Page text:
ESL teacher focuses on bilingual pride

June 14, 2012

By Tricia Bobeda and David Hovar

Students in a self-contained fourth grade ESL classroom in Chicago draw the flags of the countries their families are from.

English Language Learners make up about 15 percent of Chicago Public Schools’ students. Bilingual education programs exist for some, but since standardized tests are taken in English, schools are under pressure to teach students English as quickly as possible.

Balancing the need to learn English with respecting a student’s native language and culture is a challenge for teachers. Elisabeth Trost-Shahata teaches at Boone Elementary School in West Rogers Park. She teaches a fourth grade self-contained ESL classroom.

Trost-Shahata says valuing her students’ home cultures is critical. Teaching them being bilingual is an asset – not a flaw – gives them the self-esteem needed to succeed.

What are the demographics of your classroom?

Primarily I have Spanish speakers but I also have kids who speak Urdu, from Pakistan and India, and I have a student from Vietnam [and] a student from Ethiopia. And then I just got a new boy today from Iraq. So he’s starting at zero. Everyone’s family has come from a different country so when somebody asks a really obvious question, there’s not any snickering  because they’ve kind of all been in the same boat at one point or the other. So there is a level of trust I think in here and kind of an ability to address those things that I wouldn’t be able to have if I had a mixed classroom.

What's the most challenging part of teaching beginning ESL readers?

Kids who’ve been here for a while often get good at what we call decoding, which is just sounding out the words. So you have them read and they read beautifully and you think ‘Oh, he or she is a great reader.’ But then when it comes to asking them what they really read about they don’t really have any idea.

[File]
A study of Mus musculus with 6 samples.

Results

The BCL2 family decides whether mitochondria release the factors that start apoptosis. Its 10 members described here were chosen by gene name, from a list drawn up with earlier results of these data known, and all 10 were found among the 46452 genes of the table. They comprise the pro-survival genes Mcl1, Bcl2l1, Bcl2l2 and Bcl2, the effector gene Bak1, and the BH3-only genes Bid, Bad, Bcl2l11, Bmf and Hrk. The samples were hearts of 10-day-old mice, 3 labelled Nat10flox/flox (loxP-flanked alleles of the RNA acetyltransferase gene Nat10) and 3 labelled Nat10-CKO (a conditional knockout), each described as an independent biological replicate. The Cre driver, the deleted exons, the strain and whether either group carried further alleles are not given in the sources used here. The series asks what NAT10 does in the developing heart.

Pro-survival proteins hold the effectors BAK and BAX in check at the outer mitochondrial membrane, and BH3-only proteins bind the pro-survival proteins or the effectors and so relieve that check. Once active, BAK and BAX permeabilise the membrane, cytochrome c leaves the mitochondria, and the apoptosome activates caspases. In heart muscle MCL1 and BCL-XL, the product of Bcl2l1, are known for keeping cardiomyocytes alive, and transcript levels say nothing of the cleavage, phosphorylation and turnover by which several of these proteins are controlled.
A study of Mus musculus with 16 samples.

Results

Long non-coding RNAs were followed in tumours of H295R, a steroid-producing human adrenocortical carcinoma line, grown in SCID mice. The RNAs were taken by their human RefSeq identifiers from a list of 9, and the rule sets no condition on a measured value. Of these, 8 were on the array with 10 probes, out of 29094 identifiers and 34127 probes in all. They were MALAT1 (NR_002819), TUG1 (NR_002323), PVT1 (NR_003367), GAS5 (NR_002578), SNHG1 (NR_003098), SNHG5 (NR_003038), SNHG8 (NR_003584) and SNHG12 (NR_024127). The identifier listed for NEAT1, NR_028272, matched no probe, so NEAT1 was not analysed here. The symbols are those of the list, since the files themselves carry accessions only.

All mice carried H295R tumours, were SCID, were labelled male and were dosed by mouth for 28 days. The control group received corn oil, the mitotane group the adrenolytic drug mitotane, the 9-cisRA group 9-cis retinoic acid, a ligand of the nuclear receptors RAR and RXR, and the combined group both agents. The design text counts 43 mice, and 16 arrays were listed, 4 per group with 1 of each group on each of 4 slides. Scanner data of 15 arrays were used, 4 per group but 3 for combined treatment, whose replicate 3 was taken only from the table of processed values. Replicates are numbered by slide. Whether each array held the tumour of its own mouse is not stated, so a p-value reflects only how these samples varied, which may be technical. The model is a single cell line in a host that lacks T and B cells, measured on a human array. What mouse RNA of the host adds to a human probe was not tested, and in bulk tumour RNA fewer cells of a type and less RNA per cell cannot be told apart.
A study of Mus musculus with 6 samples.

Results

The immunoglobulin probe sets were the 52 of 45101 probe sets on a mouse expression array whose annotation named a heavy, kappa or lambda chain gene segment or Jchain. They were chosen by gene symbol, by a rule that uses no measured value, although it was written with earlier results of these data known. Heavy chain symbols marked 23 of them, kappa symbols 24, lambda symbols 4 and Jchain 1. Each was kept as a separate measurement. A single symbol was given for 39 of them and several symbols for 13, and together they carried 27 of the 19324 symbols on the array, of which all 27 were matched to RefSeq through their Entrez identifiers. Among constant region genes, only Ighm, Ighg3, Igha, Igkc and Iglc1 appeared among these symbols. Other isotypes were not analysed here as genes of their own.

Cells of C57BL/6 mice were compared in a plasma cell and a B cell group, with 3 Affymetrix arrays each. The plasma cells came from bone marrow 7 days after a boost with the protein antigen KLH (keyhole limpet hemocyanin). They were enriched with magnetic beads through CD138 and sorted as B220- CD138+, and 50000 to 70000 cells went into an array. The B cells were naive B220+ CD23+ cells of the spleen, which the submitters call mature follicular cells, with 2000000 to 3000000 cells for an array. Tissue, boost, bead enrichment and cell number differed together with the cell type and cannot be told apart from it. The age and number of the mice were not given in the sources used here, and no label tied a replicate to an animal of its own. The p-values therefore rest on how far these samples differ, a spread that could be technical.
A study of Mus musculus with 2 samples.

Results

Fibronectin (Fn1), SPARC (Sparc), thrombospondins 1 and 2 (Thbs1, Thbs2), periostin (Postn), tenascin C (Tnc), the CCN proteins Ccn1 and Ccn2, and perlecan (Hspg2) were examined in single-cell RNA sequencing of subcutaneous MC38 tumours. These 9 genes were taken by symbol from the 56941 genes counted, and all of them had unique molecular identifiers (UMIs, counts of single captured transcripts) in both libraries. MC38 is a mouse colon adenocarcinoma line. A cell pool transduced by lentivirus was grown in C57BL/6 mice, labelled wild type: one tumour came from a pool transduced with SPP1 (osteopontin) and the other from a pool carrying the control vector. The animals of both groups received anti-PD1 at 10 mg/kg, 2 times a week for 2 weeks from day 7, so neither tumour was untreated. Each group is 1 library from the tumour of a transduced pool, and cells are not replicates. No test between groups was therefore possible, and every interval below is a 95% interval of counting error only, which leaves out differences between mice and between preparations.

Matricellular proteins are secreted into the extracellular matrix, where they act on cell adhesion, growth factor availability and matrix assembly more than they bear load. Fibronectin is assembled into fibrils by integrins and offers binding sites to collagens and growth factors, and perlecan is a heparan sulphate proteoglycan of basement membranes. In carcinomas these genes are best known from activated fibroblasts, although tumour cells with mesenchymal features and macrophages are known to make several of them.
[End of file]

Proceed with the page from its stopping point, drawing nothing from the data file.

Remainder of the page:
Your students read Number the Stars, by Lois Lowry. Spanish speakers get a Spanish copy of the novel in addition to the English version. How does that aid their reading comprehension?

The book is published in both languages. So I give the Spanish speakers the book in Spanish. I never say ‘You have to read it in Spanish first’ or “You have to read it in English first’. I just give it to them. They often come back saying they read with their parents. And that’s a great way to bring parents into the whole thing.

Why is it so important to you to value students' native languages?

When you really think about what language is, it has so much to do with your identity as a person. And I always say it’s not fair for those kids for whom that culture and that language is their heritage to not be given a chance to really develop it. So if they come into a school and no one speaks their language and someone says ‘hey you shouldn’t be speaking Spanish you should be speaking English, you’re in America’ or whatever, that’s a really direct message to them that you’re broken and you need to be fixed and there’s something wrong with you.

I always say to my kids you can be smart in any language. If the kids could really develop their native language literacy they would be confident, they would experience that academic rigor that you can have in your first language and that would really transform them as students.